INSPIRING THE ARCHITECTS OF TOMORROW
Oak Park is best known for its unsurpassed concentration of Frank Lloyd Wright buildings and for the place where they were created – the Architect’s Studio.
The Frank Lloyd Wright Trust’s Learning Center expansion will focus on creating a comprehensive environment for lifelong learning that welcomes local and area residents into the site for expanded educational programs.
The Learning Center project comprises a 25,000 sq. ft. campus site, east and adjacent of the Home and Studio, which includes:
- 925 Chicago Avenue Arts and Education Center (a refurbished historical building)
- 931 Chicago Avenue Trust Administration Center (a refurbished historic building)
- Studio Pavilion (an approximately 5,000 square ft. new building)
925 Chicago Avenue will be converted from a private residence to a public use building. 931 Chicago Avenue will remain a private building utilized for Trust administration. The Studio Pavilion will be new construction, an approximately 5,000 sq. ft. building.
The entire 25,000 sq. ft. expansion site owned by the Trust and located east of the Home and Studio, will be utilized with outdoor landscaped walkways, two historic buildings, and a new building.
Arts and Education Center
925 Chicago Ave. will become the Trust’s Arts and Education Center comprising a Frank Lloyd Wright Library Reading Room, a design archives, an open-air studio in the landscaped backyard, and a work center for Trust educators. The Trust’s preservation architect, Mary Brush FAIA, will direct the rehabilitation working with her practice Brush Architects LLC.
Trust Administration Center
The 931 Chicago Ave. historic house built by John Blair and later owned by Anna Lloyd Wright, will remain an administrative center for Trust operations. Refurbishment will include a new wood shingle roof and repainting. Mary Brush and Brush Architects will oversee this work.
A new Studio Pavilion, designed by John Ronan Architects, will include a reception hall, pavilion for programs and events, and a studio for hands-on arts and design classes.
The Studio Pavilion is an L-shaped building clad in oxidized zinc, clear glass and sandblasted glass with entry walkways of slate. Maximum program capacity in the pavilion is 100 persons.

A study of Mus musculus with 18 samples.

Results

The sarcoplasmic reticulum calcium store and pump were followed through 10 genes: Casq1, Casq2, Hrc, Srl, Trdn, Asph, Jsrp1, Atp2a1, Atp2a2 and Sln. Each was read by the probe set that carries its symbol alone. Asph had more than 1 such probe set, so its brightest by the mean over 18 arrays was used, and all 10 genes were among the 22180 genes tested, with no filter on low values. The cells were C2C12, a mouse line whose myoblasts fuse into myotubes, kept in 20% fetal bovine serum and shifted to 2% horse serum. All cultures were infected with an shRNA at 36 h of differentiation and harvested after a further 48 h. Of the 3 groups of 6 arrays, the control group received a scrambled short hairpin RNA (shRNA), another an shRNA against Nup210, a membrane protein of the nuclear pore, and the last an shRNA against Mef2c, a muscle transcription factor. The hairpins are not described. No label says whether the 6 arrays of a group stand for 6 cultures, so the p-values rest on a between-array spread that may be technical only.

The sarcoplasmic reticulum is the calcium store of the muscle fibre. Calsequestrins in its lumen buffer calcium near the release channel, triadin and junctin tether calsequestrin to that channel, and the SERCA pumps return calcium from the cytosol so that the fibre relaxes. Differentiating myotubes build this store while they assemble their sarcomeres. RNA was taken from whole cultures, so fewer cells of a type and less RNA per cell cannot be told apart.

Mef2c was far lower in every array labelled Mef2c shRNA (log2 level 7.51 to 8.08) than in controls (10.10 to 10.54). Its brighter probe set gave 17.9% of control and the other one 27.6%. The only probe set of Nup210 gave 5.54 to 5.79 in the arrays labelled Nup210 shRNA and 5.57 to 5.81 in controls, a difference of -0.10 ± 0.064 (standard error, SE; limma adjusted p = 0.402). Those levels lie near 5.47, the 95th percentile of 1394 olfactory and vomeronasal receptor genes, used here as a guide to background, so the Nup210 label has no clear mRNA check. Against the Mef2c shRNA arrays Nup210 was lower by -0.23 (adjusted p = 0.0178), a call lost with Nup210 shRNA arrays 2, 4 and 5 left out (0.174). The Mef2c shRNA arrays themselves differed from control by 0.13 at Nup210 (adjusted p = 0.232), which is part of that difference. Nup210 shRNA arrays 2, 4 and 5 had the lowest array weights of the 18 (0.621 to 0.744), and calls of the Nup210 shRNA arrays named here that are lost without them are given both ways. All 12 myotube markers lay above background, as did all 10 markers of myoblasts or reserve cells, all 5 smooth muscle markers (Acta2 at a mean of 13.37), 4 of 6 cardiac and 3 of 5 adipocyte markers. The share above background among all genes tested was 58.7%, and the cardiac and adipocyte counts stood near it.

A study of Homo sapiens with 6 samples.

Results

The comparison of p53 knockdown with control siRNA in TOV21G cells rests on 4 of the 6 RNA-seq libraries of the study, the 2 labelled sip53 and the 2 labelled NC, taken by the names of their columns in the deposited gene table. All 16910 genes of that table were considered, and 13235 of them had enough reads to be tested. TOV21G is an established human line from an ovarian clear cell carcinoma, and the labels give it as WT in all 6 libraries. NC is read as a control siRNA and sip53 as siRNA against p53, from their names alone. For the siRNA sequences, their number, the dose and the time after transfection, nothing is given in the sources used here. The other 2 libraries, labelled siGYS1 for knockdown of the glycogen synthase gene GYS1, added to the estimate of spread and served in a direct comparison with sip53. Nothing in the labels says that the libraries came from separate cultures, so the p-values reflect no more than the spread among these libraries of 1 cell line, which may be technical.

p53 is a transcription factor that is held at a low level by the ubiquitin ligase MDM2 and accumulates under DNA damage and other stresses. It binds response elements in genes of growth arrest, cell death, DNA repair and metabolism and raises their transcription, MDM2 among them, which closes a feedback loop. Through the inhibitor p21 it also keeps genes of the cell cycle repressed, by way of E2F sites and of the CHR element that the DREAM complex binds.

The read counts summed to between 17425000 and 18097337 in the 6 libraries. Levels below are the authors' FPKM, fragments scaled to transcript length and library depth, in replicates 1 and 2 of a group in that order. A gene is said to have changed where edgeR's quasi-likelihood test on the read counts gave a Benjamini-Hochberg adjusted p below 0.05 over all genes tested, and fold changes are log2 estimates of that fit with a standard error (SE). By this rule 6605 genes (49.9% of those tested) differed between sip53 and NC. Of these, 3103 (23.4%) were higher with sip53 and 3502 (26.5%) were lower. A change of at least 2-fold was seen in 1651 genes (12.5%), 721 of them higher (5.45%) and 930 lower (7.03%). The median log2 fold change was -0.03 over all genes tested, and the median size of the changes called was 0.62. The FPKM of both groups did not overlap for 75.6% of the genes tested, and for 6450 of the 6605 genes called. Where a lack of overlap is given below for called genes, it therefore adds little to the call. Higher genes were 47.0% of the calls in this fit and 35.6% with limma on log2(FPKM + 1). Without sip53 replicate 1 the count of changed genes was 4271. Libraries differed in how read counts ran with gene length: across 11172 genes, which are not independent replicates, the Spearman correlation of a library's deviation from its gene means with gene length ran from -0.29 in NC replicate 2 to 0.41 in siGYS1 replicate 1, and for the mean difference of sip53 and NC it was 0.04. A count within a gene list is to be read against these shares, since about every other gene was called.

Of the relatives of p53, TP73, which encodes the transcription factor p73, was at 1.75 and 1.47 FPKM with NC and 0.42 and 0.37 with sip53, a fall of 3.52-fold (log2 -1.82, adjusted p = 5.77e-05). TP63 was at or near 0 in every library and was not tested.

With new on-site program space, Trust education and enrichment programs for young people and adults will increase. An Oak Park donor has created a $100,000 Equity Scholarship Fund to ensure equal access to every child who wishes to participate in studio classes. The Trust’s popular Summer Youth Camps will expand camp offerings and extend their duration. Home and Studio tours for 4th graders from District 97 will expand to include River Forest 4th graders. On-site studio workshops will also enhance the 4th grade program. In addition to building on existing programs, new programs will be announced at a later date.
A community education advisory committee is working with Trust educators.
Learning Center Education Advisory Committee:
Latonia Baker, Executive Director, Oak Park Education Foundation
Maya Bird-Murphy, Mobile Makers, Oak Park
Ed Condon Ph.D., Superintendent, River Forest School District 90
Pablo Garcia, Faculty, School of the Art institute and Trust Board Member
Jill Goldstein, Former Executive Director, Oak Park Art League
Marcie Gutierrez, 3rd grade teacher, John Hay Community Academy, CPS Austin
Tawanda Lawrence, Senior Director of Curriculum, Instruction and Assessment, Oak Park Elementary School District 97
Linda Novotny, Chairman, Arts Department, Oak Park River Forest High School
Josephine Sarvis, Director, Teacher Education Program, School of Education, Dominican University
Holly Spurlock, Board Member, Oak Park Elementary School District 97
Tracy Van Duinen, Art Teacher, Oak Park River Forest High School
Brenda Watkins, Assistant to the President, Triton College
Val White, Art Teacher, Oak Park River Forest High School
Sarah Williams, 4th grade teacher, Oliver Wendell Holmes Elementary School
Project Design Architect John Ronan, FAIA
John Ronan, FAIA is founding principal and lead designer of John Ronan Architects in Chicago. John holds a Master of Architecture degree with distinction from the Harvard University Graduate School of Design and a B.S. degree from the University of Michigan. His work has been exhibited internationally and extensively covered by the design press. He has lectured widely, and his work has appeared in books, architecture journals, and Poetry magazine. John Ronan Architects has garnered numerous national and international design awards, including three AIA National Architecture Awards. In 2017, John received the American Academy of Arts and Letters Architecture Award. He has been visiting chair at numerous universities and is currently the John and Jeanne Rowe Endowed Chair Professor of Architecture at the Illinois Institute of Technology College of Architecture, where he has taught since 1992.
Project Preservation Architect Mary Brush, FAIA
Mary Brush, FAIA, is preservation architect at the Trust. She holds an M.S. degree in Historic Preservation from the University of Pennsylvania and an M.A. in Architecture from the University of Illinois, Chicago. Prior to establishing her own practice, Brush Architects, LLC, she worked as preservation director at Thornton Tomasetti, Klein & Hoffman, and Holabird & Root. She is a Richard Morris Hunt fellowship laureate with 20 years of experience in preservation architecture. Mary’s work has received national awards for excellence in historic restoration.